The House of a Thousand Candles (Chapter 3, page 1 of 8)



Annandale derives its chief importance from the fact
that two railway lines intersect there. The Chicago
Express paused only for a moment while the porter deposited
my things beside me on the platform. Light
streamed from the open door of the station; a few
idlers paced the platform, staring into the windows of
the cars; the village hackman languidly solicited my
business. Suddenly out of the shadows came a tall,
curious figure of a man clad in a long ulster. As I
write, it is with a quickening of the sensation I received
on the occasion of my first meeting with Bates. His
lank gloomy figure rises before me now, and I hear his
deep melancholy voice, as, touching his hat respectfully,
be said: "Beg pardon, sir; is this Mr. Glenarm? I am Bates
from Glenarm House. Mr. Pickering wired me to meet
you, sir."

"Yes; to be sure," I said.

The hackman was already gathering up my traps,
and I gave him my trunk-checks.

"How far is it?" I asked, my eyes resting, a little regretfully,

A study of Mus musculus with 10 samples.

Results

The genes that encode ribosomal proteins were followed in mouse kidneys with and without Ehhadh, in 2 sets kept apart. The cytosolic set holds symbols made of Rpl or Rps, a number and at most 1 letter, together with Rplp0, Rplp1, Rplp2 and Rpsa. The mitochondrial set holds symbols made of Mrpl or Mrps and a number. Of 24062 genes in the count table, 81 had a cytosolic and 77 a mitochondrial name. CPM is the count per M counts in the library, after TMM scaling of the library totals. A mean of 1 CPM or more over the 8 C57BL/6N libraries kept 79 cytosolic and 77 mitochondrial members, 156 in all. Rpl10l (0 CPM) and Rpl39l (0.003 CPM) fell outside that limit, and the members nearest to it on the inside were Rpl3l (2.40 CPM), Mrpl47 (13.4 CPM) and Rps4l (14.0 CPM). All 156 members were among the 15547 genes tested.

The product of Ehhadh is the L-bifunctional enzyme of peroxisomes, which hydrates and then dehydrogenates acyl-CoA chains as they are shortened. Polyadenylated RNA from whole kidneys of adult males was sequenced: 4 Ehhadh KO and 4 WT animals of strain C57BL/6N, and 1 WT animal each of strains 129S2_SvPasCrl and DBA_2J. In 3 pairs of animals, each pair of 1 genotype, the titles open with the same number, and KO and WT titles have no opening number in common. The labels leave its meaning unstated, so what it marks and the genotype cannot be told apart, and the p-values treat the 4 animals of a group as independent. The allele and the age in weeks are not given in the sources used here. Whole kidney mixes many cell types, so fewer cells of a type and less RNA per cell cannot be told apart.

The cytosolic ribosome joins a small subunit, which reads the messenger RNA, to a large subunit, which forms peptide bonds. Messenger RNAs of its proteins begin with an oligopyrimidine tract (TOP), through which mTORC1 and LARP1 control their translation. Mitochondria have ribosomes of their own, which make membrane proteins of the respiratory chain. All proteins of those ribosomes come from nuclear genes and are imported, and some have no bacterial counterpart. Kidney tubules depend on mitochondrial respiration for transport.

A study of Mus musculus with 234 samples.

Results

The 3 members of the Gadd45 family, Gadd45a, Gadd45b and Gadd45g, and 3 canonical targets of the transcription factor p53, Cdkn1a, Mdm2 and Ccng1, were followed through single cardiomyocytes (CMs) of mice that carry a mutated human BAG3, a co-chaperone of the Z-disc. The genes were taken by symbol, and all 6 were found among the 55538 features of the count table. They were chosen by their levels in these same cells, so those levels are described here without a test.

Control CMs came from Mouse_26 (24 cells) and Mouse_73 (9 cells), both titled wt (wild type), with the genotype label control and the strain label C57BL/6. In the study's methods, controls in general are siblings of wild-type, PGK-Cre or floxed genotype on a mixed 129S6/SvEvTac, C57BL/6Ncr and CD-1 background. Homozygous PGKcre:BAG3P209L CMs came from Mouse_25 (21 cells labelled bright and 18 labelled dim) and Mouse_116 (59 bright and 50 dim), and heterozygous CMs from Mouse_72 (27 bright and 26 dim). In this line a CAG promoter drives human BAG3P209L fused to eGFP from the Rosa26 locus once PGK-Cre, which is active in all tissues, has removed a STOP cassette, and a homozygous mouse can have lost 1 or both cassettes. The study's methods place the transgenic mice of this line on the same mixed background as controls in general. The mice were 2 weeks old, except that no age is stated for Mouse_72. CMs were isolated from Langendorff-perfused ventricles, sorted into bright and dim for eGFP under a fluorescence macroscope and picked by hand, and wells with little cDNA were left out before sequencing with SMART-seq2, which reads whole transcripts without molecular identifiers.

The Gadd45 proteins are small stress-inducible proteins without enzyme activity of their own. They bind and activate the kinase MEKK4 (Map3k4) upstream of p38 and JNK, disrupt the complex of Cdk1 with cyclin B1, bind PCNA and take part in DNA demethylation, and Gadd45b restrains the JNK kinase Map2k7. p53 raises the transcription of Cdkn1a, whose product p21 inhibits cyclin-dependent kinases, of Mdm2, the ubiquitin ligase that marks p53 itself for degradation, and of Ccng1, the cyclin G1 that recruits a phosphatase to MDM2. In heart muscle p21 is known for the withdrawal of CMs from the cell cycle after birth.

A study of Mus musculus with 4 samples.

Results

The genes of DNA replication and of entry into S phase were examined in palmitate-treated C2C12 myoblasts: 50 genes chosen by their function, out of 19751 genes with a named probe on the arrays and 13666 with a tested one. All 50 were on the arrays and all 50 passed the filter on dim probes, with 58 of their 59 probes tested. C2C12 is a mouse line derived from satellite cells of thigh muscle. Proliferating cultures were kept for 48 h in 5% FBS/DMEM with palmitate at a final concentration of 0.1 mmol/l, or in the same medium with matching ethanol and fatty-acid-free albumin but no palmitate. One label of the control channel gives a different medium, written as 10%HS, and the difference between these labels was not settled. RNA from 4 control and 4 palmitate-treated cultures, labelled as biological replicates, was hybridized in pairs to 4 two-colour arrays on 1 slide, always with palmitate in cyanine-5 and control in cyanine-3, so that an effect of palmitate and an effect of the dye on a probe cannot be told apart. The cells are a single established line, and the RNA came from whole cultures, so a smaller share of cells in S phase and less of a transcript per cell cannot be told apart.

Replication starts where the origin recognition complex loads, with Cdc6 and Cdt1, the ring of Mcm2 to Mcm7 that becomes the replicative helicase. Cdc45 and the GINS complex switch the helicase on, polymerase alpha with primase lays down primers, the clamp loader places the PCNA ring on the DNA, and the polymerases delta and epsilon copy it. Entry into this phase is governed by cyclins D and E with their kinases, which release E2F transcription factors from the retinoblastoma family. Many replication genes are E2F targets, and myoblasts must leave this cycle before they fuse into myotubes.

I must confess, on the rear lights of the vanishing
train.

"Two miles, sir," Bates replied. "There's no way
over but the hack in winter. In summer the steamer
comes right into our dock."

"My legs need stretching; I'll walk," I suggested,
drawing the cool air into my lungs. It was a still, starry
October night, and its freshness was grateful after the
hot sleeper. Bates accepted the suggestion without
comment. We walked to the end of the platform, where
the hackman was already tumbling my trunks about,
and after we had seen them piled upon his nondescript
wagon, I followed Bates down through the broad quiet
street of the village. There was more of Annandale
than I had imagined, and several tall smoke-stacks
loomed here and there in the thin starlight.